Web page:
Rabbi Oury Cherki
Ki Tissa (Haftarah) - He Who Responded to Elijah
“The whole nation saw, and they fell on their faces and said: Hashem is Elohim! Hashem is Elohim! Hashem is Elohim!” [Kings I 18:39] – The end of this week’s Haftarah. What did the nation mean by this highly emotional declaration? At first glance it might seem that they were trying to show their decision with respect to the challenge that Elijah had given them: “If G-d is Elohim, go after Him, and if it is Baal go after him” [18:21]. However, the fact that the people repeated their declaration twice implies – aside from their great enthusiasm – that they had reached a new depth of understanding after they had made their decision. That is, in addition to their realization that G-d and not Baal is "Elohim", they gained a deeper understanding of the character of G-d’s revelation in His world.
What do we mean by this?
From the time that human beings became intelligent, they were challenged by remarkable dichotomy. On one hand they see the world of nature, neutral as it is, which follows immutable laws and has no morality. At the head of the system of nature man senses the existence of the Creator, and he calls this by the trait of “Elohim,” which is a name of G-d that shows how He acts through nature.
On the other hand, human beings sense that they have a soul within them and that they have an individual personality, they can choose between good and evil, and they are living creatures who have a free life. Man recognizes the Creator of his soul by the name yud-heh-vav-heh (often represented by the word “Hashem“), which indicates that the Holy One, Blessed be He, is the active force behind moral behavior.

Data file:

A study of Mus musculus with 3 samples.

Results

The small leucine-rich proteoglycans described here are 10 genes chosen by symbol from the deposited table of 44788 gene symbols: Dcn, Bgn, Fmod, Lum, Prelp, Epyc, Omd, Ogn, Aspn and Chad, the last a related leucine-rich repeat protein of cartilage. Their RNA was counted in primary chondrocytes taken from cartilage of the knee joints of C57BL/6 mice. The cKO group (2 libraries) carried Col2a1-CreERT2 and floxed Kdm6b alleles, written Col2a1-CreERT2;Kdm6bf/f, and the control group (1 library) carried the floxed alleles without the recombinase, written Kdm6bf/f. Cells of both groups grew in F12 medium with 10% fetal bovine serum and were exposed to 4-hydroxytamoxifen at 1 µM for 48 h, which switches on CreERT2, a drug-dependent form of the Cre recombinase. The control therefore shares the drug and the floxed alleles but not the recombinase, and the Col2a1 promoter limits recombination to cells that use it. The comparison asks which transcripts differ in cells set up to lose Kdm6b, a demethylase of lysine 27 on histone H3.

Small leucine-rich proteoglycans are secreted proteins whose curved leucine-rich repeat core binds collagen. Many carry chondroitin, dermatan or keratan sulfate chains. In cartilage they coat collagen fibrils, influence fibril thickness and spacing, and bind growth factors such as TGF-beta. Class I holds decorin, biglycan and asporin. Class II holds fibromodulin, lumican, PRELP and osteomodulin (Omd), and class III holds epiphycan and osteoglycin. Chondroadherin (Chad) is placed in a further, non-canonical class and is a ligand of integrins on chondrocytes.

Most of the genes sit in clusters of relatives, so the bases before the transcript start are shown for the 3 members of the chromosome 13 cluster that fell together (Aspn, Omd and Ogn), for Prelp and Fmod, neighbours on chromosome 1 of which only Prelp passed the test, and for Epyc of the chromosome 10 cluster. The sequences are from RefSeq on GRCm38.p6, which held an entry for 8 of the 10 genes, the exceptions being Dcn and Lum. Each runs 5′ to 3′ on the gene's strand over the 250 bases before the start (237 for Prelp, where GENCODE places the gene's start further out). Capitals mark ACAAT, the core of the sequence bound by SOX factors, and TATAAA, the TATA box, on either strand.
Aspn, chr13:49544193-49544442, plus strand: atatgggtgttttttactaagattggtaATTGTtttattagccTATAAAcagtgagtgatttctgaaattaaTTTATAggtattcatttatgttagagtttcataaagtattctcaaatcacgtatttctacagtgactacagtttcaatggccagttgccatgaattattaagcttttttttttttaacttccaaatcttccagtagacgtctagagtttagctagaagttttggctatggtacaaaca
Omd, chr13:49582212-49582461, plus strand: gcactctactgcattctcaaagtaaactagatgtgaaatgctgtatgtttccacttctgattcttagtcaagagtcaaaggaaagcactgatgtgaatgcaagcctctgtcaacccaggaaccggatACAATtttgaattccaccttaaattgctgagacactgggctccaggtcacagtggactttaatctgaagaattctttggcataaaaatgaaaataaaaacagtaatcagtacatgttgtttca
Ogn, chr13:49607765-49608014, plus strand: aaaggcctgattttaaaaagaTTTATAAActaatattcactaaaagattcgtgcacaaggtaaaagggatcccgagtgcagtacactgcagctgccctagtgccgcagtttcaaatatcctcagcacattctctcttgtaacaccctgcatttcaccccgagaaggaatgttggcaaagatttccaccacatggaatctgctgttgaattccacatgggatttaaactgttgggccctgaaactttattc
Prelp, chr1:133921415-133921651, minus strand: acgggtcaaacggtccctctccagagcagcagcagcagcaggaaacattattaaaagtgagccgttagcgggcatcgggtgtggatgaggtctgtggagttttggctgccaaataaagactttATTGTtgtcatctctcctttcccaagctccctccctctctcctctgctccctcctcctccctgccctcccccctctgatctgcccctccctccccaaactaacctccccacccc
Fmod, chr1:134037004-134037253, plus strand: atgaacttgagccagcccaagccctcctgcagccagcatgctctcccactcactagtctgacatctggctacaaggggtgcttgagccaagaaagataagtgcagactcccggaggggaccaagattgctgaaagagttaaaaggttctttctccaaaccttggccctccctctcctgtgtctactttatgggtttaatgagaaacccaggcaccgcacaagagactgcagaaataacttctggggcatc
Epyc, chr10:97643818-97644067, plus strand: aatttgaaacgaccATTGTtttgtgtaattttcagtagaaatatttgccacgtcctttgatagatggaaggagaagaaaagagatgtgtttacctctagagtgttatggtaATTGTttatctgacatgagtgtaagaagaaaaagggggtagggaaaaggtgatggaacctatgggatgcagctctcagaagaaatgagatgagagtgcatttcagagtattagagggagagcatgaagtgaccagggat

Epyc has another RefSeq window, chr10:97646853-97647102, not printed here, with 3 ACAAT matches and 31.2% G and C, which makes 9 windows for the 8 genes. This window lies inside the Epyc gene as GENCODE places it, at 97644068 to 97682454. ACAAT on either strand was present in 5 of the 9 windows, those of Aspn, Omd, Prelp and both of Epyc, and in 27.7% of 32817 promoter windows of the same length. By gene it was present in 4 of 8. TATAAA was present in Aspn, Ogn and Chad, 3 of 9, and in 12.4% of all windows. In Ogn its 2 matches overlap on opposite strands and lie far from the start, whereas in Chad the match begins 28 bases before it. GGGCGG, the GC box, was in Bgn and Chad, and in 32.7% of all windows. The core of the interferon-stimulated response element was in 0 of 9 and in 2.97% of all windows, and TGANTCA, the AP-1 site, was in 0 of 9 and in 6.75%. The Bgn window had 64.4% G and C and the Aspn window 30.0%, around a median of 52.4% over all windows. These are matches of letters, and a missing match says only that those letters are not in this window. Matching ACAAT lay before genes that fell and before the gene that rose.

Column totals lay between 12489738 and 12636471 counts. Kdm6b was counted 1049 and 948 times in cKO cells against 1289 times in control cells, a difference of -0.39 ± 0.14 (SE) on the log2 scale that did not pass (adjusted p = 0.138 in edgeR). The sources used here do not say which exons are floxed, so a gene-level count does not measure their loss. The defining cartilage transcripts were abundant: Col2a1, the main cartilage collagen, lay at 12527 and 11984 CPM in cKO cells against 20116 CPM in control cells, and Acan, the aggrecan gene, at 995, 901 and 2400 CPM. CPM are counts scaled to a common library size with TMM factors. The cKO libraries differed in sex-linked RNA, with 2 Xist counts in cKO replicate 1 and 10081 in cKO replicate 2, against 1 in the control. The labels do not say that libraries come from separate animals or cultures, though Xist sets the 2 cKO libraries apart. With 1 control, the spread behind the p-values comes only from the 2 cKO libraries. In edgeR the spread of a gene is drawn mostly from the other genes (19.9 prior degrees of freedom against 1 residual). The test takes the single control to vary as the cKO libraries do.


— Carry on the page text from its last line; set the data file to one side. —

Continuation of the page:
Four approaches have been suggested in order to decrease the tension between the two different ways of seeing G-d. They are the following:
(1) – The method of the idol worshippers. They feel that the entire world is filled with personalities, deities, souls, and spirits. In biblical language we can say that for the pagan world "Everything is Hashem".
(2) – This is the approach of the philosophers, who feel that everything is part of nature. Even our own personalities are nothing but an illusion. The world operates as a huge and apathetic machine. For them, "Everything is Elohim".
(3) – This is the approach of the Jew from Amsterdam (Baruch Spinoza) – that the characteristic of Elohim is the sum total of all the instances of revelation. Even the moral soul is included in the grand scheme of nature. As far as he is concerned, "Elohim is Hashem".
(4) – The outlook of the prophets, including Elijah on Mount Carmel. They revealed to us that “Hashem is Elohim” and not that "Elohim is Hashem". There is an internal unity between nature and the soul, but it does not consist of absolute equality. Rather, morality takes precedence. (See Rabbi Chaim from Volozhin, "Nefesh Hachaim", Part 3, Chapter 9, for an expansion of this concept).
The recognition that the Holy One, Blessed be He, operates in a moral way, that He prefers good over evil, is what made such an impression on the people gathered on Mount Carmel, when they saw that G-d is not interested in cruel rituals where the prophets of Baal “cut themselves as was their custom, with swords and spears, until their blood spurted out over them” [18:28]. They also saw that the Divine flames came down on an altar made of “twelve stones, the same as the number of tribes of the sons of Jacob” [18:31]. This showed the people the preference of the Torah for morality, which consists of a unity of values and joining the hearts of all the people together.